Center owner drops counterclaims

Local News

The owner of a Winnebago events center who was sued by the Attorney General’s Office has dropped his counterclaims against the state.

A Zoom hearing scheduled Tuesday in Faribault County District Court was canceled after Garth Carlson withdrew the claims.

“In my client’s realization, he is simply one man against the entire state of Minnesota and needs to conserve resources,” Carlson’s attorney Jason Kohlmeyer told Judge Troy Timmerman.

In his claims, Carlson cites he suffered defamation and financial losses when the state filed a lawsuit against him for planning a New Year’s Eve Party in violation of the governor’s shutdown order during the COVID-19 pandemic.

In a letter to the court, Carlson’s attorney says publicity of the lawsuit have damaged his client’s reputation and it has interfered with his ability to collect donations.

Timmerman issued a temporary restraining order and the event was not held. Now, the judge has issued a new injunction.

In court documents, Carlson’s attorney contends the governor’s executive order is unconstitutional and not evenly enforced.

Carlson says the event advertised as a “New Year Eve dance” was a religious gathering exempt from the governor’s order.

“I never had and have no plans to host an event in violation of the law or executive orders,” Carlson says in an affidavit.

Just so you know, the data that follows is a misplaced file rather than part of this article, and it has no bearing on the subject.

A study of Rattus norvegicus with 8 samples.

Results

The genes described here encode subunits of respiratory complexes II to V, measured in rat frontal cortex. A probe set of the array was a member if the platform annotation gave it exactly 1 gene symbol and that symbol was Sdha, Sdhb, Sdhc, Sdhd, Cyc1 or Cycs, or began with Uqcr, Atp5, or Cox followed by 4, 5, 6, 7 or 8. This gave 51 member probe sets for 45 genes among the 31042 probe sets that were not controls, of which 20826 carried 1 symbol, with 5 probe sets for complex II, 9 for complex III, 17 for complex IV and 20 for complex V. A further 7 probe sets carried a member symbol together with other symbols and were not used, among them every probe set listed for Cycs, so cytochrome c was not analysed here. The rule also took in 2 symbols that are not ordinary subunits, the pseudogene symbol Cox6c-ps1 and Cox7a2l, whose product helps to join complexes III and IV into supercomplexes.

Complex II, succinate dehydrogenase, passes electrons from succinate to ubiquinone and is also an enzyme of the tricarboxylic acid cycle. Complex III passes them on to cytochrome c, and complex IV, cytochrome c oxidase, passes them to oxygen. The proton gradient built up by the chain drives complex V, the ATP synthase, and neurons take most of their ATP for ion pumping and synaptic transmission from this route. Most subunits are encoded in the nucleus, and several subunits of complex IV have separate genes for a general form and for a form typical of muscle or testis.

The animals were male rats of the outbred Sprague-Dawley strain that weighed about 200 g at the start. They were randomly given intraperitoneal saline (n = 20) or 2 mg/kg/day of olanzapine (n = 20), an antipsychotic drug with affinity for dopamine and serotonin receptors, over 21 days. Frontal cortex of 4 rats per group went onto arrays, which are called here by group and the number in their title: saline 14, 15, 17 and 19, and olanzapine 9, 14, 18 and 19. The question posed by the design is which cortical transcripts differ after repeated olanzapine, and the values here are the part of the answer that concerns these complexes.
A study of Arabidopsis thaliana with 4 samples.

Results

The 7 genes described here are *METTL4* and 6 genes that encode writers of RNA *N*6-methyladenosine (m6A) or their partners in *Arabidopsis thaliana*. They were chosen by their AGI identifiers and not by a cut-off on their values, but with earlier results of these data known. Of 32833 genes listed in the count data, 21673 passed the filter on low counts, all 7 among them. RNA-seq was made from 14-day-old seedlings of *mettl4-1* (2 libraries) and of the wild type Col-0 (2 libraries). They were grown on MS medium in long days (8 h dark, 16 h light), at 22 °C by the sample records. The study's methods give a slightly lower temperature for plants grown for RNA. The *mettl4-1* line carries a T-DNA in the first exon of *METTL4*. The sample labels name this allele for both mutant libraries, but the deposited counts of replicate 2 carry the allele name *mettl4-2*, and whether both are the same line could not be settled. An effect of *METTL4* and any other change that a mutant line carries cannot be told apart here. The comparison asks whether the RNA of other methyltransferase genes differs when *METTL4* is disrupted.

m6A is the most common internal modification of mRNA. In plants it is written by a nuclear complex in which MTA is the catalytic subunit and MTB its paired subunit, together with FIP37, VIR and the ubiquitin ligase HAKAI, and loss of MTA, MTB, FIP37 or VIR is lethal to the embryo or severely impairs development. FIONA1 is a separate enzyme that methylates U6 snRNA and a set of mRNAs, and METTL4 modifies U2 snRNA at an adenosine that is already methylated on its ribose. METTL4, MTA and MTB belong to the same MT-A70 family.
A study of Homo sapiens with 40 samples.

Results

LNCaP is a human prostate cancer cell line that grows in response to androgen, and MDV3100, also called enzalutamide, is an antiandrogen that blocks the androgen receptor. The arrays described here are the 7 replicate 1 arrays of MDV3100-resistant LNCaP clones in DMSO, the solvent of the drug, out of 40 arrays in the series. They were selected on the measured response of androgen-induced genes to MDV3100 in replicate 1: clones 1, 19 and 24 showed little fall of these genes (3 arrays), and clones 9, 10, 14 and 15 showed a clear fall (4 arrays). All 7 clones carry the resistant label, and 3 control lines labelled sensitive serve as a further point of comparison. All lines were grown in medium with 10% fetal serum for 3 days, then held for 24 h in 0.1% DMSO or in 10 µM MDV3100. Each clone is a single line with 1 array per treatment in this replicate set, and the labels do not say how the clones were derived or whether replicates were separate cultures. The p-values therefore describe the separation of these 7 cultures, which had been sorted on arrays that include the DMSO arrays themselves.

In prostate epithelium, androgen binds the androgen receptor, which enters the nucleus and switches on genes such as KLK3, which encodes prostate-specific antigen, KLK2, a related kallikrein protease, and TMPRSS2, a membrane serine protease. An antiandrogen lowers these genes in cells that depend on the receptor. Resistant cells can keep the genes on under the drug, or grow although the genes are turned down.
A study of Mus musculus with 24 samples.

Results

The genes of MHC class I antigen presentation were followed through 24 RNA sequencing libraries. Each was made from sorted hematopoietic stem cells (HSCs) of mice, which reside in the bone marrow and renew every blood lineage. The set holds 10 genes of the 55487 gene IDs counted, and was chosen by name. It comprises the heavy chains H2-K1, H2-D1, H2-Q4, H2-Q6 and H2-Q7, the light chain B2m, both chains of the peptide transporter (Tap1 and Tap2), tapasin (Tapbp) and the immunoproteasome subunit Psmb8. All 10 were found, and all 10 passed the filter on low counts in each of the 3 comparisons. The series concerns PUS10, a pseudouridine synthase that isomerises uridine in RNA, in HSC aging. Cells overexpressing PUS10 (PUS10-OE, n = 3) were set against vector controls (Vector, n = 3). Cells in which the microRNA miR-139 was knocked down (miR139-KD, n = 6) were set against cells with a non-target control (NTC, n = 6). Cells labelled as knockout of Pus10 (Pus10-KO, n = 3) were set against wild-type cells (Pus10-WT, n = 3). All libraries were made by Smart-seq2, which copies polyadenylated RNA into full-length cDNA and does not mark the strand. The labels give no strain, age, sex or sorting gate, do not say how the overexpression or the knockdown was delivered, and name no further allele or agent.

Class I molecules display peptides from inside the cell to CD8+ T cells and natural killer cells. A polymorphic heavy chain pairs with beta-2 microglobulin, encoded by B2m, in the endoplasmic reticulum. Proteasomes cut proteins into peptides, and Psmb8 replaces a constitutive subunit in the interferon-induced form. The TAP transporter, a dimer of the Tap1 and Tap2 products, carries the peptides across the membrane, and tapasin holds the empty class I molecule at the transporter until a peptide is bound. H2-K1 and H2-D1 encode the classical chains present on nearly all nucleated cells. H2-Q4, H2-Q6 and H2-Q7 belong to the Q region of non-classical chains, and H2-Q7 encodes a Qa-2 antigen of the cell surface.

In a March order, Timmerman says Carlson’s arguments are “unpersuasive.”

The state’s lawsuit is based on social media advertisements appearing to be promoting the dance with a live band.

According to court documents, the ads listed a $25 fee to attend, the letters “B.Y.O.B,” and words in Spanish that translate to “you can bring your own beer or liquor.”

Carlson claims he was asked to host a Hispanic religious gathering and believed the event was in compliance with the executive order.

The $25 admission fee was a donation in lieu of charging a rental fee, says Carlson, and he did not look over the advertisement closely before sharing it on social media.

Carlson says he developed a COVID-19 preparedness plan required by the state for businesses and organizations allowed to operate during the shutdown.

But, Carlson has not “submitted any evidence whatsoever detailing what made the planned event itself religious in nature,” says Timmerman’s order.

The judge’s order requires Carlson to produce a copy of the preparedness plan within 30 days.

On challenges regarding the constitutionality of the executive order restrictions, the judge says Carlson has not met any legal threshold.

The court has not yet scheduled the next hearing date in the case.